CEO perspective

M.R. Asks 3 Questions: Jay Chapel, CEO, ParkMyCloud


We’re aware that many individuals and industries are facing challenges they’ve never faced before. Those challenges will vary, from wild fluctuations in supply chains; to enormous digital demand on the technologies and platforms that enable us to stay connected and live productive lives.

This is why Jay Chapel, CEO of ParkMyCloud is looking for ways to help organizations reduce costs across the board. He’s collected a lot of knowledge about saving money in the public cloud from some great companies and am happy to share some ideas that may help in some small way.

M.R. Rangaswami: How do you best describe cloud waste, and what customers can be hurt by it? 

Jay Chapel: Cloud waste occurs when you consume more cloud resources than you actually need. It can take many different forms. Perhaps the most common is simply resources left running 24×7 in development, test, demo, and training environments.  In a lot of cases, this is a bad habit that started in the previous era of on-premise data centers. Then, users thought, “It’s a sunk cost so why bother turning it off?”  Of course, with cloud resources charged on an on-demand model, it is not a sunk cost anymore.

Some more examples of cloud waste are instances left running, orphaned volumes (volumes not attached to any servers), old snapshots of other volumes, old, out-of-date machine images, inefficient containerization, underutilized databases, instances running on legacy resource types, unused reserved instances and more.

As for who is hurt by cloud waste, the answer is almost everyone. For cloud customers, it erodes their return on assets, return on equity and net revenue.  All of these ultimately impact earnings per share for their investors as well.

It also hurts the public cloud providers and their bottom line. Providers are most profitable when they can oversubscribe their data centers. Cloud waste forces them to build more data centers than they need, killing their oversubscription rates and hurting their profitability as well. This is why you see cloud providers offering certain types of cost cutting solutions. For example, AWS offers Reserved Instances, where you can pay up front for break in on-demand pricing.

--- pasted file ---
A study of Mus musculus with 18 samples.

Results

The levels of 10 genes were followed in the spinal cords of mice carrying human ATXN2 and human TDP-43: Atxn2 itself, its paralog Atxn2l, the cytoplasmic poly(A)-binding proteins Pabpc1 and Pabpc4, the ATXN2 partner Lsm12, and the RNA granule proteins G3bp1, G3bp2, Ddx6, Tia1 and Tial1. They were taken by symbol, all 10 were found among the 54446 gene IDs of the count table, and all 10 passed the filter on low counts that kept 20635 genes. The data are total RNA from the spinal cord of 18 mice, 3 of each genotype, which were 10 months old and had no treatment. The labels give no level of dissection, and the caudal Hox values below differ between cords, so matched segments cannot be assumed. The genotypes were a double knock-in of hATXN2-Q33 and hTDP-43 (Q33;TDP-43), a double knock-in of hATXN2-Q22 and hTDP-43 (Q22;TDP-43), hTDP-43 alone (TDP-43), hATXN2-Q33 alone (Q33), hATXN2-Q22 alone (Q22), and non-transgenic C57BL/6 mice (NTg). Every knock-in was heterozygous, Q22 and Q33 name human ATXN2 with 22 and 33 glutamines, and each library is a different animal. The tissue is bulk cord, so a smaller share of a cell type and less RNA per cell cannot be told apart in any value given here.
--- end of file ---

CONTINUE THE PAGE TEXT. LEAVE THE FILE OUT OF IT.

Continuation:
M.R.: By your calculations, how big do you see the cloud waste problem being? 

Jay: We recently estimated that cloud waste will exceed $17.6 billion in 2020. That works out to about $5 million worth of cloud waste every day! So, it is a growing problem that not many people are talking about. 

While I personally do find that cloud customers are more aware of the potential for wasted spending than they were just a few years ago, this does not seem to be correlated with cost optimized infrastructure from the beginning. The fact is, it’s simply not a default behavior. After all, engineering and development teams are more focused on delivering value through product development than on optimizing costs – as they should be. But the costs still add up.

I frequently run reports for companies having issues with cloud waste. Invariably, I find wasted spend in these accounts. For example, one healthcare IT provider was found to be wasting $5.24 million annually on their cloud spend—an average of more than $1,000 per resource per year.

In general, the total waste is coming from:

  • Idle Resources: Idle resources are VMs and instances being paid for by the hour, minute or second, that are not actually being used 24/7. Typically, these are non-production resources being used for development, staging, testing and QA. Based on data collected from our users, about 44% of their compute spend is on non-production resources. Most non-production resources are only used during a 40-hour work week, and do not need to run 24/7. That means that for the other 128 hours of the week (76%), the resources sit idle, but are still paid for.

So, I find the following wasted spend from idle resources: $33.3 billion in compute spend, times 0.44 non-production, times 0.76 of week idle, equals to $11 billion wasted on idle cloud resources in 2020.

  • Overprovisioned Resources: Another source of wasted cloud spend is overprovisioned infrastructure—that is, paying for resources are larger in capacity than needed. That means you’re paying for resource capacity you’re rarely (or never) using. About 40% of instances are sized at least one size larger than needed for their workloads. Just by reducing an instance by one size, the cost is reduced by 50%. Downsizing by two sizes saves 75%.

The data I see in client infrastructure confirms this—and the problem may well be even larger. Infrastructure I see has an average CPU utilization of 4.9%. Of course, this could be skewed by the fact that resources I deal with are more commonly for non-production resources. However, it still paints a picture of gross underutilization, ripe for rightsizing and optimization.

M.R.: What are your thoughts on how organizations can reduce cloud waste? 

Jay: The easiest way to reduce cloud waste is by simply turning off non-production environments when they are not being used.  Companies are eliminating wasted cloud spending through things like scheduling, rightsizing, and optimization. A few more ways include:

  • When you turn on resources in non-production environments, turn on the minimum size needed to get the job done and only grudgingly move up to the next size.

  • Clean up old volumes, snapshots and machine images.

  • Use AWS Savings Plans, Azure Reserved Instances, and Google Committed Use Discounts for your production environments, but make sure you manage them closely, so that they actually match what your users are provisioning, otherwise you could be double paying.

  • Investigate Spot fleets for your production batch workloads that run at night. It could save you a bundle.